R&D changes: Policy short-termism at its best

Front page of the AFR today:

Sorry – no R&D grants because we need the money so that we can give tax cuts to companies so that they can spend more on R&D (disclaimer: more R&D will only occur if there is enough cash is left after paying higher dividends, performing more buybacks and awarding managers bigger bonuses).

I don’t want to lose track of the fact that there is some good policy at the heart of this – i.e. changes in R&D grants to reduce payments to companies that were gaming the system:

The budget changes reduced the premium tax break for companies that spend less than 2 per cent of total expenditures on R&D to 4 per cent from 8.5 per cent, but increased it on a sliding scale to 12.5 per cent for “high intensity” companies that spend more than 10 per cent of expenditures on R&D.

The R&D review was part of the Turnbull government’s wider innovation agenda designed to boost business R&D spending and commercialisation of research – which are low by global standards – to create another engine of economic growth.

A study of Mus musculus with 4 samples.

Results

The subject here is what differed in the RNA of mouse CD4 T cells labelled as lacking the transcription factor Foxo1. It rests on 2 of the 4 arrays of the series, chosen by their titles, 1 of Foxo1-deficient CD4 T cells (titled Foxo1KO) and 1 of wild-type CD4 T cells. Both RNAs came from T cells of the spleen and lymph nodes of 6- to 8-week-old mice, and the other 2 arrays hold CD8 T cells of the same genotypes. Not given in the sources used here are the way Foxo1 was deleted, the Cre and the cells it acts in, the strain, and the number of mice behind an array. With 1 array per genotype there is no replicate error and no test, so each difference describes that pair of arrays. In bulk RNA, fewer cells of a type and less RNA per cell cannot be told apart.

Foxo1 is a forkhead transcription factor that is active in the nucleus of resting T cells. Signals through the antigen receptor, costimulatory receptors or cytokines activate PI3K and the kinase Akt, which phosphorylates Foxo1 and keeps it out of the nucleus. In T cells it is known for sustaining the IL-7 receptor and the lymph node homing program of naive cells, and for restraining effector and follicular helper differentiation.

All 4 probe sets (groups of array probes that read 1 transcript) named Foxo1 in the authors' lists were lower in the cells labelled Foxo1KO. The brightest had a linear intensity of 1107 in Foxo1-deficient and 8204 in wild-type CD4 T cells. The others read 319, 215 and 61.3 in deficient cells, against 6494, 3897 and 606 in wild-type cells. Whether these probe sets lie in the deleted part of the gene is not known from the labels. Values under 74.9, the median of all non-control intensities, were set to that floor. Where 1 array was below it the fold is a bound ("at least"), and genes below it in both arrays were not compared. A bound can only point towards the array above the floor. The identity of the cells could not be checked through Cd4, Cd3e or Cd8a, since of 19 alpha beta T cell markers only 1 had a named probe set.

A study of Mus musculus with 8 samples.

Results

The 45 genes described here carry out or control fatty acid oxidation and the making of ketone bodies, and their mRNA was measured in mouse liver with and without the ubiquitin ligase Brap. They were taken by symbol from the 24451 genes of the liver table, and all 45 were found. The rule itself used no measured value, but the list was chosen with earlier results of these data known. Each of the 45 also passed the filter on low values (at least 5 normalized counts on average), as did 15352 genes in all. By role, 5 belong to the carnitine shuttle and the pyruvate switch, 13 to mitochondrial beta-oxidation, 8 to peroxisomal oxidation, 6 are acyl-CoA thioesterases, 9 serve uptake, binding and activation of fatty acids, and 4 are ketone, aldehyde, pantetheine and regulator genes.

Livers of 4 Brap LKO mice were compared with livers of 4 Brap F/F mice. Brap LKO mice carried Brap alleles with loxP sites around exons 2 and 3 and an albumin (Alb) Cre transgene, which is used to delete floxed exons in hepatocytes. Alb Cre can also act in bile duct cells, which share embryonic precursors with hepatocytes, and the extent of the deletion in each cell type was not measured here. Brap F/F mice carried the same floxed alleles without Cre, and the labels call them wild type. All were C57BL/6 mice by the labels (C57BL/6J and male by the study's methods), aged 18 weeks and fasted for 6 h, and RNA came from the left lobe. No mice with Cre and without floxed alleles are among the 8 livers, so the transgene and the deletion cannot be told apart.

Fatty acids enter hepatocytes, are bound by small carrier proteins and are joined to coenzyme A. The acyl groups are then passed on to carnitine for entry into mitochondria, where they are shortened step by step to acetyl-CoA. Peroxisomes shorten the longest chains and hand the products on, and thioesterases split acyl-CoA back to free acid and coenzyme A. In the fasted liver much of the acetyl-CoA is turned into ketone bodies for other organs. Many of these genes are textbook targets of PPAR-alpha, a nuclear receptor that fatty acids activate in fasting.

But rather than take the money saved from the companies that were gaming the system and use it to generate more R&D, the government has banked the savings.

Net effect: the government’s goal is to boost R&D spending, but they are going to spend less on R&D. No explanation of the disconnect was provided.


Damien has a wealth of experience across international equities (Schroders), asset allocation (Wilson HTM) and he helped create one of Australia’s largest independent research firms, Aegis Equities. He lectured for over a decade at the Securities Institute, Finsia and Kaplan and spent many of those years as the external Chair for the subject of Industrial Equity Analysis.